Veteran advertising creative Tony Clewett has bounced back from redundancy disappointment to land a new gig at an independent agency.
Clewett confirmed to the Herald this week that he had been appointed chief creative officer at Auckland-based ad shop Federation.
This marks the end of a short stint of consulting for Clewett, whose 12-year tenure at FCB ended during the lockdown.
Clewett, who found out during the first lockdown that his role was being disestablished, was one of many high profile casualties in the advertising industry, falling victim to a decline in revenue as corporate New Zealand ground to a halt.
“It’s no one’s first choice in the middle of a lockdown, but I like to think things happen for a reason,” says Clewett.
“For me, it felt like a healthy time to make a change. Generally, creatives are off to a new gig every two or three years, but I had a great run at FCB, moving up in responsibility and position over the years.”
As a free agent, Clewett spent some time freelancing and started working closely with Federation founder Sharon Henderson.
He says it wasn’t a difficult choice to join an independent agency for the first time in two decades, rather than returning to the more familiar territory of one of the multinationals.
“It felt like the right time to join an independent,” he says.
“When I’m having a coffee with Sharon, I have the ear of the most important person in the business. That’s really quite empowering and refreshing.”
Clewett says there’s a level of enthusiasm around the local agency scene he hasn’t witnessed for years.
He points to the decision by the owners of Stanley Street to buy back their business, Special Group’s recent move into the United States, and the rapid ascendance of newcomer Pitchblack as examples of how local agencies are growing in confidence.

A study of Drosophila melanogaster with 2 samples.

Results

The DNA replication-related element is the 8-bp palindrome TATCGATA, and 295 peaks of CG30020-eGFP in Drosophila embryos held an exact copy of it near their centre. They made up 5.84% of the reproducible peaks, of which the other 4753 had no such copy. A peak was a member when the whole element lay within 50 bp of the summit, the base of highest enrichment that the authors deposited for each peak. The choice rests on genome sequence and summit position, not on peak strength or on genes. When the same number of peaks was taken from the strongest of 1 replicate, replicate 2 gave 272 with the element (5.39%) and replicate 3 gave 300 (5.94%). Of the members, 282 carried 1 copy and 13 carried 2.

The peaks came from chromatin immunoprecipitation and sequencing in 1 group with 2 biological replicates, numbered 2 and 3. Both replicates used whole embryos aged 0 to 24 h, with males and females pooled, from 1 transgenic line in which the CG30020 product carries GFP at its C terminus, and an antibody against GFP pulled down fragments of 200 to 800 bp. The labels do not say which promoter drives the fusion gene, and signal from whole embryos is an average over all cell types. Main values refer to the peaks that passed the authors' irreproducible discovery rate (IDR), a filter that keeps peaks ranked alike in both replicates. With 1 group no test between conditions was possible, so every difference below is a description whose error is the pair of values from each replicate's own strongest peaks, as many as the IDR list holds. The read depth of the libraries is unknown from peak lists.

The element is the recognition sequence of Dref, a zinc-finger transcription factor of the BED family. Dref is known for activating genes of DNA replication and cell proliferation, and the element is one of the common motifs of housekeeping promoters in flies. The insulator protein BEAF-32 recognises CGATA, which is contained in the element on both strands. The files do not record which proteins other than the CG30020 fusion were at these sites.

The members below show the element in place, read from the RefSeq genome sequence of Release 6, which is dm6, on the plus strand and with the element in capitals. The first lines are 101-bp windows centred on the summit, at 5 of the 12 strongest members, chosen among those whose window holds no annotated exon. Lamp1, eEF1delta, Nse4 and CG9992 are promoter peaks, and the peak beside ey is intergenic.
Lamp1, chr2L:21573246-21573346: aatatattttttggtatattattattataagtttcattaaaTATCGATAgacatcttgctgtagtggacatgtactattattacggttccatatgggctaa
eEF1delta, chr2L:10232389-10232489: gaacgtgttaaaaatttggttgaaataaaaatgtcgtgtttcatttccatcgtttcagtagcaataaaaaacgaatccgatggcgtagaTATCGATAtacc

“I am just astonished and have nothing but respect for a local agency like Special taking on the world,” says Clewett.
“As a country, we’ve always looked elsewhere for a reassurance that we’re doing okay. But today, even if you look at someone like Jacinda Ardern, it shows we’re ready to take on the responsibility.”
Most of the large New Zealand ad agencies are owned by one of the big four holding companies: Interpublic, Omnicom, Publicis and WPP. That means much of the profit earned from local work ultimately goes abroad.
“We have really good local independent agencies right now that are giving clients a viable alternative and you don’t have to compromise on anything,” says Clewett.
He has also seen benefits on a personal career level, saying that it’s possible to move much faster when you have fewer moving parts.
“I’m right in the middle of work. I’m right in the middle of clients. It’s actually been exciting to move at a quick pace and get stuck in to some really interesting work.”